With Aviva recently reporting a 19% year on year increase in fraudulent claims, and motor fraud accounting for a large proportion of this, it is evident that many of us are unaware of the extent of this problem. It has been reported that £1 billion of fraud is detected by insurers each year, with a further estimated £2.1 billion going undetected.
There are many types of fraudulent motor claims which range from intentionally failing to disclose previous claims or convictions and exaggerated losses, to the organised ‘crash for cash’ schemes. It is clear that some people feel fraudulent motor claims is a ‘victimless crime’, however it has been shown to affect the honest majority through increased premiums. It is estimated that insurance fraud can add as much as £50 onto customer’s policies, and with the increased costs to insurers this figure is likely to rise.
This is an issue that has been evident for many years, however for many reasons which could include the rising cost of running a motor vehicle, the absence of effective deterrents, and the increasingly sophisticated fraud rings; this is an issue that has attracted much publicity in recent years.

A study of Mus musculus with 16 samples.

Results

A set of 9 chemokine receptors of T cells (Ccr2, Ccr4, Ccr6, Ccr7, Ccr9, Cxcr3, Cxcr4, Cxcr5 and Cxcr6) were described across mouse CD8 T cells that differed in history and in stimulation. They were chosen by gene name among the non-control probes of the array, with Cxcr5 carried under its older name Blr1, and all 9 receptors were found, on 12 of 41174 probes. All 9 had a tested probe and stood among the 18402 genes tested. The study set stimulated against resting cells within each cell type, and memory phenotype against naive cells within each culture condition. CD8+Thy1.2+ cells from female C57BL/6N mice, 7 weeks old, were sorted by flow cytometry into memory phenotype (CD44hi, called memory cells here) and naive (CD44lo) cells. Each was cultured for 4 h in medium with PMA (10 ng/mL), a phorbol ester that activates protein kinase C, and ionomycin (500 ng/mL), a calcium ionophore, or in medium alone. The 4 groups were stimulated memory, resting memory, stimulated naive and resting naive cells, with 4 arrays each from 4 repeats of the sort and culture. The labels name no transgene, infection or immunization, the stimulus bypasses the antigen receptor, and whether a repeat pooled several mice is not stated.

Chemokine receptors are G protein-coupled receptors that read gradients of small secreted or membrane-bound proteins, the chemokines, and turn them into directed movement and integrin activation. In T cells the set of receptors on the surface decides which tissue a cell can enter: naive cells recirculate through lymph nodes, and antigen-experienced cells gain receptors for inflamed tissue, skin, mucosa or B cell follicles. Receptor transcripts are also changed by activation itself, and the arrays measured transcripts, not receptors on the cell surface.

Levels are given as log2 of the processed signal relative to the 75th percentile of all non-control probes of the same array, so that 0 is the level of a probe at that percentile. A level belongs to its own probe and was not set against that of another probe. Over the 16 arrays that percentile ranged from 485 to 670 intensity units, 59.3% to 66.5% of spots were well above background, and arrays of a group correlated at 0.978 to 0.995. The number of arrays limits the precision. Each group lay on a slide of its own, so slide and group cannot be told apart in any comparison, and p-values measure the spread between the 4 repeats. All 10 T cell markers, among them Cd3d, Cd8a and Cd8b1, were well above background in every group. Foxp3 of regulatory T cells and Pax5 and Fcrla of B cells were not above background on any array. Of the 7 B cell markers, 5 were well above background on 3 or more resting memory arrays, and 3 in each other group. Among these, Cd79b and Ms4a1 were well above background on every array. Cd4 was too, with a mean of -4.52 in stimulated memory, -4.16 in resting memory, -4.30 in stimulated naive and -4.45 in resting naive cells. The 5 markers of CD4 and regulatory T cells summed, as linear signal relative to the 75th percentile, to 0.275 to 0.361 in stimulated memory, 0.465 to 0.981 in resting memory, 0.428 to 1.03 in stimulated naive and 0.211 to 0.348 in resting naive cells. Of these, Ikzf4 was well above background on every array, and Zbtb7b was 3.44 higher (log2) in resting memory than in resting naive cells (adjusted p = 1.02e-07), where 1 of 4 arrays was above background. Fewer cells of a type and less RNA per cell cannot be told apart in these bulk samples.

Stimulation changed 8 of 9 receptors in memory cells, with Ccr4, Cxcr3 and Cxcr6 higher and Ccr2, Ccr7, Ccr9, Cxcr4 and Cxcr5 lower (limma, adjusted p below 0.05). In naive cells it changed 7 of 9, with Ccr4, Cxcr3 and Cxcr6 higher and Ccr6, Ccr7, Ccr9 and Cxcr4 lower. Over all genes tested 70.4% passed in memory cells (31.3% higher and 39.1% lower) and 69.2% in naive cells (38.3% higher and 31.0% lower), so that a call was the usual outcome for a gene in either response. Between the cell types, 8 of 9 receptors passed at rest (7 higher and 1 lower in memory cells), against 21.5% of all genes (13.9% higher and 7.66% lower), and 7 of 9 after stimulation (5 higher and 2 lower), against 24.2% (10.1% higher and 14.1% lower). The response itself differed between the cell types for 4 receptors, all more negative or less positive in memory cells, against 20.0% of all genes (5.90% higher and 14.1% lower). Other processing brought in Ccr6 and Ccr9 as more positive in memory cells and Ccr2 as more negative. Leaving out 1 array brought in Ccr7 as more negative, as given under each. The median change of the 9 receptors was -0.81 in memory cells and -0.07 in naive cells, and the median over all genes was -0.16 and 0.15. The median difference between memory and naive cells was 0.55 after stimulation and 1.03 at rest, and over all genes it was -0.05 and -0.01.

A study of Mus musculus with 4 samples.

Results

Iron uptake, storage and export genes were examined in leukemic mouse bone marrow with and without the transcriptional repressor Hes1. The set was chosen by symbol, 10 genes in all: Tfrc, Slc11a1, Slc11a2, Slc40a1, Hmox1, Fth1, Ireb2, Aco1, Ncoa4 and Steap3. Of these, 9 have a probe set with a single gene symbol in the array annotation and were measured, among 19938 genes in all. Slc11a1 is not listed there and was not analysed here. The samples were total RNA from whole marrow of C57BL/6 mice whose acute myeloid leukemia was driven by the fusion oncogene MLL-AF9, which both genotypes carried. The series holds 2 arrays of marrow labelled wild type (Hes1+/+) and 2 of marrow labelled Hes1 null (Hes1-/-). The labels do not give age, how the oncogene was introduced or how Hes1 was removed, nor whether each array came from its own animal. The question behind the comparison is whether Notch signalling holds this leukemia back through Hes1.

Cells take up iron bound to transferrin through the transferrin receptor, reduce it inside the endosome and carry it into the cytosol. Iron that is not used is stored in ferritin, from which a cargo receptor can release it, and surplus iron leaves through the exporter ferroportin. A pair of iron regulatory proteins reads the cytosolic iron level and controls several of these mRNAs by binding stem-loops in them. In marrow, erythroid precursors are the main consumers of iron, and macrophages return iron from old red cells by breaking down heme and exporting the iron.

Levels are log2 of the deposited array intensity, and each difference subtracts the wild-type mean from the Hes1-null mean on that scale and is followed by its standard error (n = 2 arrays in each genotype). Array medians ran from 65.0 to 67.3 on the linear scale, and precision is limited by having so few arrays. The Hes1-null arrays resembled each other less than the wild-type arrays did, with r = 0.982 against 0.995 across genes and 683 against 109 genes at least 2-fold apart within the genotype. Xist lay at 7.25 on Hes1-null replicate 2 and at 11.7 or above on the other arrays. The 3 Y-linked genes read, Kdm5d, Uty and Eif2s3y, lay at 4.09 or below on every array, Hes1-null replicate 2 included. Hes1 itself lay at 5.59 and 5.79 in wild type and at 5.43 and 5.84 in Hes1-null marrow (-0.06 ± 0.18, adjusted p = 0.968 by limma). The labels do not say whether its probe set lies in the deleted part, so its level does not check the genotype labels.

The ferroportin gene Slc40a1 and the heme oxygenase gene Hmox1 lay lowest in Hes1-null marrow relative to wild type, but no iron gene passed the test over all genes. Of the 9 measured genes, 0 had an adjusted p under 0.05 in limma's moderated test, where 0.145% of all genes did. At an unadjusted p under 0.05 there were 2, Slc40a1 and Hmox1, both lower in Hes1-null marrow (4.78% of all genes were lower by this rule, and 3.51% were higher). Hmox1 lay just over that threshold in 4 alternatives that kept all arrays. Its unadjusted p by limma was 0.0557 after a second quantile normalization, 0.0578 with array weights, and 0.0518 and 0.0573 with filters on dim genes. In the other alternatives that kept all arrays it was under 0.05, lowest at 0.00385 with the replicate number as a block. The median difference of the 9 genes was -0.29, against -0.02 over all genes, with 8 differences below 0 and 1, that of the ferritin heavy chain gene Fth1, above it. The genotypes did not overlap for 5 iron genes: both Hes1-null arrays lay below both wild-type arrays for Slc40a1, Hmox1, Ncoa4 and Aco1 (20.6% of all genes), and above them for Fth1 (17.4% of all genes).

In June of this year (2014) The House of Commons Transport Committee released a report titled ‘Driving premiums down: fraud and the cost of motor insurance’. In this paper the Transport Committee made multiple suggestions on how to address fraudulent behaviour including the need for better data on exaggerated and fraudulent claims. They claim that this would result in a better basis for policy decisions. It is also clear that there is a need for more easily accessible information for insurers to base their decisions at underwriting and claim stages.
The newly rolled out Insurance Fraud Register (IFR) is one of the most recent steps in the fight for the prevention of fraudulent claims. Developed by the Insurance Industry, and sponsored by the ABI, the IFR is a comprehensive database of known Insurance fraudsters. The IFR is currently available to over 300 ABI members and will act to deter fraudulent behaviour through easier identification of repeat offenders.
It is clear that the Insurance industry is taking progressive steps to tackle fraudulent claims; however there is still a long way to go. More accessible and better data will help insurers tackle repeat offenders, but with some considering fraudulent claims as a ‘victimless crime’ it is difficult to address the opportunist, and with the high returns for the organised criminal they will continue to develop more sophisticated methods to avoid detection.
By: Sam Crayk
Be sure to visit our Careers Page for the latest interim and permanent opportunities in Insurance.